For the first time, the result of a replay review might have cost the Cubs a game. Here's the play in question:
Watching the play live, it appeared pretty clear the runner was safe, but first-base umpire James Hoye called him out. I've watched the replay a number of times, and it was pretty clear on review that Gregory Polanco beat Starlin Castro's throw to first base. Castro, incidentally, made a really slick play to even glove the ball, so give him credit there.
Had the out call stood, it would have ended the top of the seventh inning. Instead, the inning was prolonged and Josh Harrison sent Justin Grimm's second pitch into the bleachers for a 5-2 Pirates lead. In the bottom of the inning, Eli Whiteside (!) doubled in a run for the Cubs which, if not for the replay review, would have tied the game. No further runners reached base for either team and so the Pirates wound up with a 5-3 win over the Cubs, evening up the weekend series.
Note that I'm certainly not complaining here. I've been a strong advocate for replay review for several years. Get the calls right, and they're doing that. No one knows what either team would have done without review; different hitters might have come to the plate against different hitters. Even though the Cubs lost the game, I'm glad for this system that's designed to make the results on the field reflect what the players actually do.
Incidentally, Polanco is fast. Really fast. Most runners wouldn't have even made that play close.
All of this happened after a tremendous thunderstorm blew through the Chicago area, starting about an hour before the scheduled game time. The Cubs cleared not only the bleachers and box seats, but asked everyone in the stands at the time to go below on the concourse due to expected high winds and lightning. I know that there were reported tornadoes in parts of the area. During the delay, someone jumped out of the bleachers onto the field. This is not a good idea, and as you can see by that Instagram video posted by C.J. Nitkowski (Len Kasper's Fox broadcast partner Saturday night), he was quickly apprehended.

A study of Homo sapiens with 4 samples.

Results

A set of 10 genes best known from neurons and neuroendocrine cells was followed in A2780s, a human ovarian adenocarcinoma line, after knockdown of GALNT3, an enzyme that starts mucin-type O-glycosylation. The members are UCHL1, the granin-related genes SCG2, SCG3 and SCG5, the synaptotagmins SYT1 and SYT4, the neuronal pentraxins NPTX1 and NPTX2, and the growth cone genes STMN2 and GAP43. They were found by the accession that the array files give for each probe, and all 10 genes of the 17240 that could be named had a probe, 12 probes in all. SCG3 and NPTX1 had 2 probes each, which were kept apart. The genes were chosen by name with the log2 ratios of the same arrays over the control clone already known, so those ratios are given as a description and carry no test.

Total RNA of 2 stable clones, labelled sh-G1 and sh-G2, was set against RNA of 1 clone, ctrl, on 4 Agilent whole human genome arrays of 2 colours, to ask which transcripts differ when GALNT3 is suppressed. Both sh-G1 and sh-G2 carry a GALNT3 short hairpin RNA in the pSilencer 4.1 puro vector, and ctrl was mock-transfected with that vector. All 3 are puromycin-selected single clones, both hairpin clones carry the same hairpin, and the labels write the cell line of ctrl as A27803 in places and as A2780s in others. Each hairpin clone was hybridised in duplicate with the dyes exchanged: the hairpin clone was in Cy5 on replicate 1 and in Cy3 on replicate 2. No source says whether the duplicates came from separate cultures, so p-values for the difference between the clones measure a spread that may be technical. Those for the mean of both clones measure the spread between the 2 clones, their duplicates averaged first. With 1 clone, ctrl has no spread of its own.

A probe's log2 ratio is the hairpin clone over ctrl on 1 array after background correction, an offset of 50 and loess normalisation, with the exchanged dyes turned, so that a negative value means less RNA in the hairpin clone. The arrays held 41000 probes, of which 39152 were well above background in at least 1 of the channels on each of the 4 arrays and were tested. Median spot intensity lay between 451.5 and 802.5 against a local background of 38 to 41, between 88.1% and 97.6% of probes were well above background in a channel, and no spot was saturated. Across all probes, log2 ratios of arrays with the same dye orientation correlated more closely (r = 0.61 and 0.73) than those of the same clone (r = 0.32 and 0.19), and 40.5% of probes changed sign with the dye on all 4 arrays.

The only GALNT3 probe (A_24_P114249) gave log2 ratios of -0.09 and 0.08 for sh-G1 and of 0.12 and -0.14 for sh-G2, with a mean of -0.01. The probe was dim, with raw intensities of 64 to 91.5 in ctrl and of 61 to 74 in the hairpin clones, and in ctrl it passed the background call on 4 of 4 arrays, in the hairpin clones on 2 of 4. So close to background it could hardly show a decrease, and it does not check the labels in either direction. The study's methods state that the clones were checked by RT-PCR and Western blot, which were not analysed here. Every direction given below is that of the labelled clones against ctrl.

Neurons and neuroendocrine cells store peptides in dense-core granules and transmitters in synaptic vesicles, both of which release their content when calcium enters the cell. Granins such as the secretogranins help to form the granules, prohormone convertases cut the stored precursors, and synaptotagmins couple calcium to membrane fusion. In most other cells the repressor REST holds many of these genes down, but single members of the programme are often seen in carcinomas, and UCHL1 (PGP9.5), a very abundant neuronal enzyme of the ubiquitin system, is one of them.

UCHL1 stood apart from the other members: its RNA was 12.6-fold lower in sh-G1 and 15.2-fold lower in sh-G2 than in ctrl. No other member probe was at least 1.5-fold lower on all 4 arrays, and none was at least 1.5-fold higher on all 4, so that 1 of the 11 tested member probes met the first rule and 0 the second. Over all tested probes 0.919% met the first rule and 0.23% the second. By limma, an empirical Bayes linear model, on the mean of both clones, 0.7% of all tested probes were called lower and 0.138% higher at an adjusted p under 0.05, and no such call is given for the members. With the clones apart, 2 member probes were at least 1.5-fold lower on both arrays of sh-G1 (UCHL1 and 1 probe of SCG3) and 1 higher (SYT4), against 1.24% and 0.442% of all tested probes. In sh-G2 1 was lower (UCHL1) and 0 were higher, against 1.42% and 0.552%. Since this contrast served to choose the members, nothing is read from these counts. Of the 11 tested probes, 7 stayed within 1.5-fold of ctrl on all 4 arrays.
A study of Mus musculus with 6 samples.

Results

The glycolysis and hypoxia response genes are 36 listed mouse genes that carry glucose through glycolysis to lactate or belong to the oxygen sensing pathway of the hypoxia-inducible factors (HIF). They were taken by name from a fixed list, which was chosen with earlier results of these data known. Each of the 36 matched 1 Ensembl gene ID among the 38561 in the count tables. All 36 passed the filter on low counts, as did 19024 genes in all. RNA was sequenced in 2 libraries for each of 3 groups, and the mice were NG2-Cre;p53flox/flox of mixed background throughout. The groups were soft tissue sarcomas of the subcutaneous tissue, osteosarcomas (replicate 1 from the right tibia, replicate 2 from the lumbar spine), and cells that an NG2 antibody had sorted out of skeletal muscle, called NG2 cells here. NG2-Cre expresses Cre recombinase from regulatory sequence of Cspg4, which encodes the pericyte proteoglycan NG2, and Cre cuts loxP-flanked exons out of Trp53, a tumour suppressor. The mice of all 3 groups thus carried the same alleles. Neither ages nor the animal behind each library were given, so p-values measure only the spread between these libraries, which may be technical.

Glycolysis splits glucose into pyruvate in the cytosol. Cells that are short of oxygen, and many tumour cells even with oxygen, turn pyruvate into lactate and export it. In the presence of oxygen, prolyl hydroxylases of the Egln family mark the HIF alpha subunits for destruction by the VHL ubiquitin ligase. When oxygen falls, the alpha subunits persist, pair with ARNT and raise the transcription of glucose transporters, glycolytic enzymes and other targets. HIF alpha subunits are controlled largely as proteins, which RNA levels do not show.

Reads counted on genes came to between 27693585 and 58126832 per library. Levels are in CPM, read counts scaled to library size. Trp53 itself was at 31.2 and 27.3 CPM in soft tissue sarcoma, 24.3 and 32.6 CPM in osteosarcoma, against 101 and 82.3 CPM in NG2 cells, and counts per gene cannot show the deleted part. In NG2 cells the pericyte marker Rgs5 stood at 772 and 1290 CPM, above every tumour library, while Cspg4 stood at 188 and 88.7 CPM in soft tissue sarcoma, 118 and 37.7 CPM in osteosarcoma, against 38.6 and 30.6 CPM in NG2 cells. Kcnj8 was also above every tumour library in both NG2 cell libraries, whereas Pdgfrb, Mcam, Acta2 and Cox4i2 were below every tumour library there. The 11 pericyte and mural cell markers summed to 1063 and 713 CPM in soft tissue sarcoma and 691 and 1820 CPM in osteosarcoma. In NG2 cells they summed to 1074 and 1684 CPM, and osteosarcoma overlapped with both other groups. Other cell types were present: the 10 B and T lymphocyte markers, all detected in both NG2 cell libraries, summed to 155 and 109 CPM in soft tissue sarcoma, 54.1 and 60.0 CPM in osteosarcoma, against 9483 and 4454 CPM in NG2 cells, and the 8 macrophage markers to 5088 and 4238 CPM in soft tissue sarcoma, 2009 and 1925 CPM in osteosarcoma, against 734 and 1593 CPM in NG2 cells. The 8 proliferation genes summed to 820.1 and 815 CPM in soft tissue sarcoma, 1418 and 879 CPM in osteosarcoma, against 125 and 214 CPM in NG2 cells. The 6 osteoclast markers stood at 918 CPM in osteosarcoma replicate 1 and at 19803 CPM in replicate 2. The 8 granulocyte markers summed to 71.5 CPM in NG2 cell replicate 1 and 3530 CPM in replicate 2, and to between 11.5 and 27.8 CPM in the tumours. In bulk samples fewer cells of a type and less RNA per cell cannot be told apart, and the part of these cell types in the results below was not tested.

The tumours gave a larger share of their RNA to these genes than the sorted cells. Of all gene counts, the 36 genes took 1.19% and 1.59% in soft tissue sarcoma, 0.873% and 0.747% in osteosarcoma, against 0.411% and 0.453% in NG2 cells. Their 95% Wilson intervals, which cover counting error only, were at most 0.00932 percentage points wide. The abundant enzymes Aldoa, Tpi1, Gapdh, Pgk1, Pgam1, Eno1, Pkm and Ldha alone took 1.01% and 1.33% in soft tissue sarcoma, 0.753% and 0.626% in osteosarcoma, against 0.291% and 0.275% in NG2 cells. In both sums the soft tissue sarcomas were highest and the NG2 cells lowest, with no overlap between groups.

The rain produced a delay of two hours before the first pitch was thrown; somewhat surprisingly, few left the ballpark and, by my estimate, almost all of the 36,563 announced crowd actually was in the park, at least for the first few innings. Once the rain left the area the wind completely died and it turned into a pleasant evening, even though on the day of the summer solstice, when we have the maximum length of daylight, all we saw were clouds.
Travis Wood struggled again; even though he'd given up just one run through four innings (another home run from Jordy Mercer) he was running long counts, and that caught up with him in the fifth, when a walk and two singles after two were out produced a pair of Pirates runs. The Cubs pen did a decent job -- until the review prolonged the seventh inning.
The Cubs' first two runs were produced by another home run from Anthony Rizzo, his 15th, with Chris Coghlan on base. Other than that and the seventh-inning rally that scored the third and final run, though, the Cubs had just one other inning when anyone reached base. That was in the fifth, when Darwin Barney's leadoff double was wasted.
It wasn't a bad game played by the North Siders. They just didn't win. And that has to be counted as an improvement, I'd say. Sometimes the other team is going to take advantage of a break, and the Pirates did. One of the reasons the Pirates were so good last year was their lockdown bullpen, and they showed that Saturday night. Jared Hughes, Tony Watson and Mark Melancon (11th save) retired all seven hitters they faced, with Melancon striking out the side in the ninth.
BCBer cooliogirl47 stopped by to say hello and sat across the aisle... then after a couple of innings, took off and never returned. I'm sure she'll stop by here or in a game thread and let you all know where she went!